President Joe Biden is pushing forward with talks to return to the 2015 Joint Comprehensive Plan of Action (JCPOA) with American diplomats joining diplomats from Iran, Russia, China, the United Kingdom, France, Germany, and the European Union next week in Vienna. Sadly, it seems the U.S. willingness to release more money seized or frozen under the sanctions appears to have greased the talks.
Within the United States, partisans can rehash their assessments of whether the deal worked. Veterans of the Obama administration and many left-of-center advocacy groups like the Ploughshares Fund or the Arms Control Association argue it placed unprecedented restrictions on Iran. Critics—myself included—counter that by pointing at both the deal’s loopholes and how it reversed decades of more rigorous non-proliferation requirements.
As the Biden administration, re-engages, it should consider lessons learned from the JCPOA era.
First, the JCPOA was not a treaty or an executive agreement, but rather only a loose, political commitment. “The Joint Comprehensive Plan of Action (JCPOA) is not a treaty or an executive agreement, and is not a signed document,” Julia Frifield, assistant secretary for Legislative Affairs under Secretary of State John Kerry explained in a letter to then-Representative Mike Pompeo. While Obama-era alumni castigate President Donald Trump for failing to adhere to their political agreement, the fact that they had shredded a similar Bush-era Iran-related political agreement with European allies undercuts their standing to make such arguments.
There are no shortcuts: If any nuclear deal with Iran is going to stick, it must be a ratified treaty with broad bipartisan support. There is no evidence, however, that Biden, Secretary of State Antony Blinken, National Security Advisor Jake Sullivan, or Special Envoy Rob Malley have any intention to reach across the aisle or recognize that objections to their approach rest not only in partisanship but also in honest disagreement. Their failure to address such arguments head-on combines arrogance with a lack of self-confidence in their arguments. Symbolically, too, it is troubling that Biden’s team appears more willing to negotiate with Iranian officials than with Republicans in Congress.
Second, leverage matters. Secretary of State John Kerry hemorrhaged advantage both by paying Tehran billions of dollars to come to the table and by showing that the United States was unwilling to walk away from the table. In effect, Kerry signaled to the Iranian regime that the process of negotiation could be more lucrative than any final deal. Few understand the way Iranian hardliners think than Wang Xiyue who was their involuntary guest for more than three years. Generosity will only encourage further demands or weaken controls.
Details also matter. Because the Islamic Revolutionary Guard Corps dominates the Iranian economy, any incentive that pumps money into Iran absent controls to ensure such sanctions relief or new investment does not benefit the Guards’ industries strengthens regime hardliners at the expense of ordinary Iranians. The choice between JCPOA and nothing is a false one. Iran, after all, is still subject to its nuclear Non-Proliferation Treaty Safeguards Agreement in which it remains in violation. That Iranian leaders promised Kerry to act in conformity with the Additional Protocols of the Non-Proliferation Treaty without formally ratifying it and enshrining their commitments to it in law remains one of Kerry’s biggest blunders.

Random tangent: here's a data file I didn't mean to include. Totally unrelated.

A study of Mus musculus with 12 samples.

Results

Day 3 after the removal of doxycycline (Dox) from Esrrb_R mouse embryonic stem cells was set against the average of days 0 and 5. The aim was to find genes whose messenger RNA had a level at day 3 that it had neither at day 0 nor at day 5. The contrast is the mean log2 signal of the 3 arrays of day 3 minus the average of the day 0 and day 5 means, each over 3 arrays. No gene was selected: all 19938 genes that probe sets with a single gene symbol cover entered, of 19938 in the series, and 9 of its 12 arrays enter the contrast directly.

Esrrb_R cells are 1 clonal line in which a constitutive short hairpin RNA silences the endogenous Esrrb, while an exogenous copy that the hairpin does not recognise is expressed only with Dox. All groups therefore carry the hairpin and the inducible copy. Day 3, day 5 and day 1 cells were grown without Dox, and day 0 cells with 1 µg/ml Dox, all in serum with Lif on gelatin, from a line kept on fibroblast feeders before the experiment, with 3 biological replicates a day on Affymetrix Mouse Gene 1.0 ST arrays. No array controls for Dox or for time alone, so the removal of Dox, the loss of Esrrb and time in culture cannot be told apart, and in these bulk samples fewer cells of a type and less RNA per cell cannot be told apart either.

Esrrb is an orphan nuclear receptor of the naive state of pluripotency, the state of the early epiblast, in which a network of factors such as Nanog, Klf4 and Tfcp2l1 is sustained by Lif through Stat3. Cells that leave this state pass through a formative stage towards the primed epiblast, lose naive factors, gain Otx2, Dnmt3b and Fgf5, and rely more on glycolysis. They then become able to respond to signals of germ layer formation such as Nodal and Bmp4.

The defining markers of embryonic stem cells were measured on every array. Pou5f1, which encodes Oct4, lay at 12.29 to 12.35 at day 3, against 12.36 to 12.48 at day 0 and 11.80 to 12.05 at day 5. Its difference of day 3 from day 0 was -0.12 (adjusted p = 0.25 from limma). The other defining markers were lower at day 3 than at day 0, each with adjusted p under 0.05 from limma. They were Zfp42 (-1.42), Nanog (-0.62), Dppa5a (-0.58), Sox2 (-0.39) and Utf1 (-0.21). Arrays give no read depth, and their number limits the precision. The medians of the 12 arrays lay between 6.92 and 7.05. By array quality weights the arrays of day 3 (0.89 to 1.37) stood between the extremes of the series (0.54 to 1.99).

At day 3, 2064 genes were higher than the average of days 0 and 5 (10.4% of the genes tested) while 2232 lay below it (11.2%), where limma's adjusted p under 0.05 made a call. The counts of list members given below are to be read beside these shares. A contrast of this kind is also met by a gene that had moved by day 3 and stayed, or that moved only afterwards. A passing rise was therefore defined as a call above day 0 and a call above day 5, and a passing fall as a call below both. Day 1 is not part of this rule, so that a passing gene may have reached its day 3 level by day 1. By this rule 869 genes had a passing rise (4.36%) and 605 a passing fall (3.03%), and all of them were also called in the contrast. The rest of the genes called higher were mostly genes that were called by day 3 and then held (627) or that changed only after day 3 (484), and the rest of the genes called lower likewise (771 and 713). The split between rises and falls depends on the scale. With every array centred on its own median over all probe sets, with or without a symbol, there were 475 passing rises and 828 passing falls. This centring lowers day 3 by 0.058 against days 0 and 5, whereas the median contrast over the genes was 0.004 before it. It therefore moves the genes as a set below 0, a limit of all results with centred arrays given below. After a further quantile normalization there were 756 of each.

Third, it is crucial to stop misreading Iranian politics. Blinken, Sullivan, and Malley may believe they are empowering reformers ahead of Iran’s forthcoming elections, but they misunderstand Iranian factionalism by mirror imaging their own sense of Western politics. Supreme Leader Ali Khamenei remains the gatekeeper to Iranian politics. In his March 21 Nowruz speech, he articulated the qualities necessary for any future president. The Revolutionary Guards, meanwhile, have outlined their own role in guaranteeing such elections conform to the system’s needs. Reformists do not want to change the system nor would the Revolutionary Guards allow them to do so. The factional differences are much more of style than substance and represent an elaborate game of good cop-bad cop.
This is one reason why so much covert nuclear activity has occurred under reformists. Another is that elected political leaders inside the Islamic Republic do not hold sway over security and military policy. If the United States wants a lasting agreement with the Islamic Republic, it must negotiate with the Supreme Leader and the Islamic Revolutionary Guard Corps. Perhaps they would refuse, but their refusal also provides a barometer into their sincerity to settle disputes.
Unilateral incentives to Iran may assuage the Democrats’ progressive base, but they will neither change Iranian behavior nor resolve concerns about its nuclear ambitions that have only grown since the initial JCPOA, Iran’s investment in ballistic missiles, or Tehran’s efforts to hide its nuclear archives. As importantly, a rush into negotiations will reverberate well beyond Iran as states like North Korea recognize that defiance pays. There is power in a do-over if only to learn lessons from previous stumbles and plug earlier loopholes.
Unfortunately, it appears that Biden, Blinken, Sullivan, and Malley prefer to double down on past mistakes rather than learn from them.
Michael Rubin is a senior fellow at the American Enterprise Institute and a 19FortyFive Contributing Editor.